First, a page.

In the aftermath of World War II, a former Czech soldier takes charge of a manor formerly owned by a German family. He falls in love with the daughter, who is now a maid, and is forced to ...
A poetic film about a dove getting lost on its way to Prague getting shot down by a paralyzed boy. An artist who finds the dove becomes friends with the boy. Together they take care of it bringing it back to recovery.
Husband (senior ministry official) and wife find their house is riddled with listening devices put there by his own ministry. A harrowing night follows (reminiscent of 'Who's Afraid Of ... See full summary »
Pictures of the Old World is an unquestioned masterpiece of European documentary cinema, with existential radicalism that offers a contrast to the shallowness of hundreds of other ... See full synopsis »
A fascinating and human portrayal of a once-famous fighter pilot and loyal Stalinist named Nadezhda Petrovna. Now a 41-year-old provincial schoolmistress, she has so internalized the ... See full summary »
Slovakia during WW2. Tono lives a poor life, but the authorities offer him to take over the Jewish widow Lautman's little shop for sewing material. She is old and confused and thinks that ... See full summary »
Inspired by fairy-tales such as Alice in Wonderland and Little Red-Riding Hood, "Valerie and her Week of Wonders" is a surreal tale in which love, fear, sex and religion merge into one fantastic world.
Diamonds in the night is the tense, brutal story of two Jewish boys who escape from a train transporting them from one concentration camp to another. Ultimately, they are hunted down by a ... See full summary »
In the aftermath of World War II, a former Czech soldier takes charge of a manor formerly owned by a German family. He falls in love with the daughter, who is now a maid, and is forced to confront the stress between his love and his conscience when he discovers her sheltering her German-soldier brother. Written by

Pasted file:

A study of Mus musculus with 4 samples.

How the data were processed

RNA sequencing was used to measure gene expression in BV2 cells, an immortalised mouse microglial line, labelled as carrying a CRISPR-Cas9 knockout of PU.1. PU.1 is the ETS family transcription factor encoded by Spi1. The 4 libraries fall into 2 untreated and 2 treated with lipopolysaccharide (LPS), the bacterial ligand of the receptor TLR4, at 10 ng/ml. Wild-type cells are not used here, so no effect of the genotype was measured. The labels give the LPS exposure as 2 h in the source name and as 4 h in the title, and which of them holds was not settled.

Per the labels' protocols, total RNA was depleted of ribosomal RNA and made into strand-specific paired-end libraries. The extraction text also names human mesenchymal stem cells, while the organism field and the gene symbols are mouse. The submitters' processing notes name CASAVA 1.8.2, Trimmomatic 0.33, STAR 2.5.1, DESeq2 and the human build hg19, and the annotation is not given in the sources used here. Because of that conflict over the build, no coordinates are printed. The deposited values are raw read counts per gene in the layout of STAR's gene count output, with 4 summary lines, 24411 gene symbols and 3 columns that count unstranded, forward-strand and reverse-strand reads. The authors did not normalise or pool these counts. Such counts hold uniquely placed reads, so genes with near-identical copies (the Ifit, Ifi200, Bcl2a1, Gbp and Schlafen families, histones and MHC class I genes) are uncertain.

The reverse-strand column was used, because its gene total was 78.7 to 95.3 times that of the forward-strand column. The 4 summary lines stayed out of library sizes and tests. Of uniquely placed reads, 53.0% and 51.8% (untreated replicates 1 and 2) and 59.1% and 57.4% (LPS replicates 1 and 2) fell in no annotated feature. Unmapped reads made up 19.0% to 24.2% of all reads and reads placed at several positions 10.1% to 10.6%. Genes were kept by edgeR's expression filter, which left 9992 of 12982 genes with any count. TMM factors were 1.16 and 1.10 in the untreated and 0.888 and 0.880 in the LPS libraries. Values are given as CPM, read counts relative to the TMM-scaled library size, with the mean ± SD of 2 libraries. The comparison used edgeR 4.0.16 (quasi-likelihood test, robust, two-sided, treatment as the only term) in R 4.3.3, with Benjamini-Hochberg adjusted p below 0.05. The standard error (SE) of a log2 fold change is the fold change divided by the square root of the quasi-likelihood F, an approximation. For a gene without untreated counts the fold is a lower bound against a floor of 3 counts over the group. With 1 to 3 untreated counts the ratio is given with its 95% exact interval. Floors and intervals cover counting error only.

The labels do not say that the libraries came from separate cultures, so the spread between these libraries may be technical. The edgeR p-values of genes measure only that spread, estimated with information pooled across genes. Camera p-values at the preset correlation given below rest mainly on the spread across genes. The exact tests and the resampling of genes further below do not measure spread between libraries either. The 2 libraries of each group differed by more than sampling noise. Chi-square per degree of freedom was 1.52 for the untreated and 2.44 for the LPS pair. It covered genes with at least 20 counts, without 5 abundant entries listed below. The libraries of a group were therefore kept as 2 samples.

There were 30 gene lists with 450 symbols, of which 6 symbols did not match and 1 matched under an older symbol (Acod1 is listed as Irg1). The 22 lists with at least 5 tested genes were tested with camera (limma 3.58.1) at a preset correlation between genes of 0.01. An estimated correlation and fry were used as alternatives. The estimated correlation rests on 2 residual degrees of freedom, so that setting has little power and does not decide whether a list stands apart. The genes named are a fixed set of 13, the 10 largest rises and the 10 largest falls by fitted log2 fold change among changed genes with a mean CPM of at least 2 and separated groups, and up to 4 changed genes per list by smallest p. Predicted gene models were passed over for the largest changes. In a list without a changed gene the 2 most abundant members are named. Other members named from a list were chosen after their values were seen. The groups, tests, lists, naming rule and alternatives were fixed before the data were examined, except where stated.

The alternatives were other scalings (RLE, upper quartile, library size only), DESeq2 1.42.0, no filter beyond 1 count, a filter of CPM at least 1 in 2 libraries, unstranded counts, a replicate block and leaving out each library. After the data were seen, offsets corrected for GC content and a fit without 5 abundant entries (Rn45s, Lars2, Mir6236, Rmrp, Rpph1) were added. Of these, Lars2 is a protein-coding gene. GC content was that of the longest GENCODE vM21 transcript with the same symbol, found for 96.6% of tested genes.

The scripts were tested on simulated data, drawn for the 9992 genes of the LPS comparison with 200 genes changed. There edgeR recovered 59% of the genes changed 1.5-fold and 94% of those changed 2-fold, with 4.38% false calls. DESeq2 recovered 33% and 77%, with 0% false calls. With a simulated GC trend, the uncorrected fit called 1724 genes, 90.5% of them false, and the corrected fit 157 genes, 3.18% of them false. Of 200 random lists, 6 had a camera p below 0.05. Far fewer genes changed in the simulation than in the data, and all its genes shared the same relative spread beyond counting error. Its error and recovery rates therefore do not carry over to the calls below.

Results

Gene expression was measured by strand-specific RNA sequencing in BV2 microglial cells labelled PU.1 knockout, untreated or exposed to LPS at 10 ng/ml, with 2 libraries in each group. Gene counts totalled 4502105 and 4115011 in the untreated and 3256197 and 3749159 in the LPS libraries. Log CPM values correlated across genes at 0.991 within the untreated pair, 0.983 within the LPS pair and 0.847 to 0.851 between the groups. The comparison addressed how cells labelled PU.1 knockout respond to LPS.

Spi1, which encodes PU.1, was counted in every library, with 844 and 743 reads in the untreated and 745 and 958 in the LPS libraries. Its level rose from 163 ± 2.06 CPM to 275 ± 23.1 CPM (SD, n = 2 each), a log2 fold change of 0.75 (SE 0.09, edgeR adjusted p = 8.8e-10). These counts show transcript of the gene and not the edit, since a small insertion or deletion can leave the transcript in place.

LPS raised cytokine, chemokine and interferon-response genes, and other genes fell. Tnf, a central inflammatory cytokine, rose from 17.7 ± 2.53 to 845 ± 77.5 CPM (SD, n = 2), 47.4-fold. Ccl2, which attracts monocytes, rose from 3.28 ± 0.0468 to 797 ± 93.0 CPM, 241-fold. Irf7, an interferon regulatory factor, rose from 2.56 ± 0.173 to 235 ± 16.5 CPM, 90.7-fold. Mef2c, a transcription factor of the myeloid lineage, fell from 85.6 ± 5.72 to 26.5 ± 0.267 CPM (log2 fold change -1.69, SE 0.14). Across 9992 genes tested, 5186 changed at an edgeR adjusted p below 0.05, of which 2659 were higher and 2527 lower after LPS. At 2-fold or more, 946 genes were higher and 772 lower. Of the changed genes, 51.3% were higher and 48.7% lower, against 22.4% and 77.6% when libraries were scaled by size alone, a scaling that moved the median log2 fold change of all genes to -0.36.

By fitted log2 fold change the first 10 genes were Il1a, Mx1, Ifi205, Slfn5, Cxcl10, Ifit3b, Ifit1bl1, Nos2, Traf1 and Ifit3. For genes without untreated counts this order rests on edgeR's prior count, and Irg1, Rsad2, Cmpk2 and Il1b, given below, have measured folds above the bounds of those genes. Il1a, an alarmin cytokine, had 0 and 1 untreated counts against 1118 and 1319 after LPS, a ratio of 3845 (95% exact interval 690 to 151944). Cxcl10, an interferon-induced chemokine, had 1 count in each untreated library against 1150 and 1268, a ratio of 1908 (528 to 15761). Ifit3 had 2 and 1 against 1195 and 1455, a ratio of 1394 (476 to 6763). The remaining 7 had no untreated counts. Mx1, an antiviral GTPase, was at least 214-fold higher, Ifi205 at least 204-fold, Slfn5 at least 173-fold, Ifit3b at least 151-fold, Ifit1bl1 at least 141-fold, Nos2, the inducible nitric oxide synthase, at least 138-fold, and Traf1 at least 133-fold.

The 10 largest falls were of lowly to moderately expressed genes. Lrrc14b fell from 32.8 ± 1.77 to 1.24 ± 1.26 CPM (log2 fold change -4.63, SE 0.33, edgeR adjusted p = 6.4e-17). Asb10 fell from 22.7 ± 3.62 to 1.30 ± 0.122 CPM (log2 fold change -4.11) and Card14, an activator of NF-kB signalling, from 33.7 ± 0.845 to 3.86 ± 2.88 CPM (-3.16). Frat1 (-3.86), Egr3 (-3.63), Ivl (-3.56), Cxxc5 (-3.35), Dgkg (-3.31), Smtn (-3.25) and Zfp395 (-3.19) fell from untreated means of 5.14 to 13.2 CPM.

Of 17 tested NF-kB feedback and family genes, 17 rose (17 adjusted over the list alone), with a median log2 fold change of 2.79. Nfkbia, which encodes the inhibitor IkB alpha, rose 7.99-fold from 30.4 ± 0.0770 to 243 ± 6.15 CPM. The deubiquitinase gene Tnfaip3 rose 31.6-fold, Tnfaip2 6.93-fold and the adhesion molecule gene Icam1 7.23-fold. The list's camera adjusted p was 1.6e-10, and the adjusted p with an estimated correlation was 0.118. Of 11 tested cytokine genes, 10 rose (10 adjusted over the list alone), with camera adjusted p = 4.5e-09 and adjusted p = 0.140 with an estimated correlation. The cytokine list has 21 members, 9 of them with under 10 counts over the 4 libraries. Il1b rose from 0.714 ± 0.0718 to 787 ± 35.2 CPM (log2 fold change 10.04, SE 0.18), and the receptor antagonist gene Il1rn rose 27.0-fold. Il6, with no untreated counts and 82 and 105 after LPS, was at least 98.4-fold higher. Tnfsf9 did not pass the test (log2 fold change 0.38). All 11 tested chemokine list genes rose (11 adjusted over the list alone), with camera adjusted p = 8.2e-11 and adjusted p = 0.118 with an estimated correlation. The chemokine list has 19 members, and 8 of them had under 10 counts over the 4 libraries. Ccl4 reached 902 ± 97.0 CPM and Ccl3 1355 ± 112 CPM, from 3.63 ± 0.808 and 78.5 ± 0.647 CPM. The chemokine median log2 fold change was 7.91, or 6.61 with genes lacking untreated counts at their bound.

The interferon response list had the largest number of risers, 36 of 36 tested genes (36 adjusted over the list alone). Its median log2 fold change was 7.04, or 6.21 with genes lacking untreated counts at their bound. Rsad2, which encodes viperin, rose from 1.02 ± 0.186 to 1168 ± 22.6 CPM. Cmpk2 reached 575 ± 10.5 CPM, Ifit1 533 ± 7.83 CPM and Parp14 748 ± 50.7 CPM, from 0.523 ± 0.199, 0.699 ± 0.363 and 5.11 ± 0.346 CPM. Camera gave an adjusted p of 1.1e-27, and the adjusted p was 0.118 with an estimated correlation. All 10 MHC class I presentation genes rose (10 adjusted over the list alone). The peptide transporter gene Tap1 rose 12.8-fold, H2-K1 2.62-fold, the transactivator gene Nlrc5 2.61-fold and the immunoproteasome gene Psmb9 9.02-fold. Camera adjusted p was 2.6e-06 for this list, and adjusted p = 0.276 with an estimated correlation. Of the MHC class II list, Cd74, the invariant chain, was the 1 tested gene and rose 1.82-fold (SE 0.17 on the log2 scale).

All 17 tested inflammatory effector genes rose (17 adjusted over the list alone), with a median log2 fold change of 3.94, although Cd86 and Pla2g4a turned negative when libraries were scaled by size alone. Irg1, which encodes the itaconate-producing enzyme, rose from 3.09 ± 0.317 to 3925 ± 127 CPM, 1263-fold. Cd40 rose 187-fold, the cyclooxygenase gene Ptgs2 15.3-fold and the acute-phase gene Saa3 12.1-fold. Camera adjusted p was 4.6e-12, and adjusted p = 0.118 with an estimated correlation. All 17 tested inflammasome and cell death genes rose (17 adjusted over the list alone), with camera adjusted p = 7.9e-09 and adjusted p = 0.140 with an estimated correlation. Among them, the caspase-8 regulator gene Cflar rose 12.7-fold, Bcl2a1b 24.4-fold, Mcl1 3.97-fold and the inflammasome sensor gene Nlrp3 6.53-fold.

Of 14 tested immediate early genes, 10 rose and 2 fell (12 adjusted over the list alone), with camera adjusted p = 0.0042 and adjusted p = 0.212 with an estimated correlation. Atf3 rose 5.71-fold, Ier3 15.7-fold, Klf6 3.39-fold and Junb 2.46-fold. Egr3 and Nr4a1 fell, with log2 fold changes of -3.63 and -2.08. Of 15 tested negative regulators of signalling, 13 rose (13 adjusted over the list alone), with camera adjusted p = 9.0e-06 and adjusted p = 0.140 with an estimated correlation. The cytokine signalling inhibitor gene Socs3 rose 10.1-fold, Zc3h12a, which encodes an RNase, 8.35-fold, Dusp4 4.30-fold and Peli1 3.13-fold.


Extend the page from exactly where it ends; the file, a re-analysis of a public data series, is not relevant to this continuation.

Fiona Kelleghan <firstname.lastname@example.org>
ADELHEID is one of the very few films dealing with the largely forgotten brutal expulsion of the ethnic (Sudeten) German from Bohemia and Moravia in the aftermath WWII. It is even more remarkable as it was in Czechoslovakia in 1970, when this was still a dark taboo chapter in the country's history (only in the last two decades a change has occurred). The expulsion ("Odsun") of up to 3 Million people was accompanied by terrible massacres of civilians, whose perpetrators have been covered by the state afterwards through general amnesties.
Generally regarded within Czech society as an eye-for-an-eye consequence and just punishment for Hitler's occupation, ADELHEID was the first (and for decades only) film to question such a view and to criticize post-WWII treatment of the Germans by the Czechs or even present the subject. Directed by the brilliant Frantisek Vlacil (MARKETA LAZAROVA), the film has a meditative, poetic atmosphere and a few non-realistic elements: the expelled Germans dressed in black at the beginning of the film appear like ghosts in the mist, the house of the Nazi party official, where most of the action takes place, is rather presented like some mythical ogre's home from some ancient fairy tale.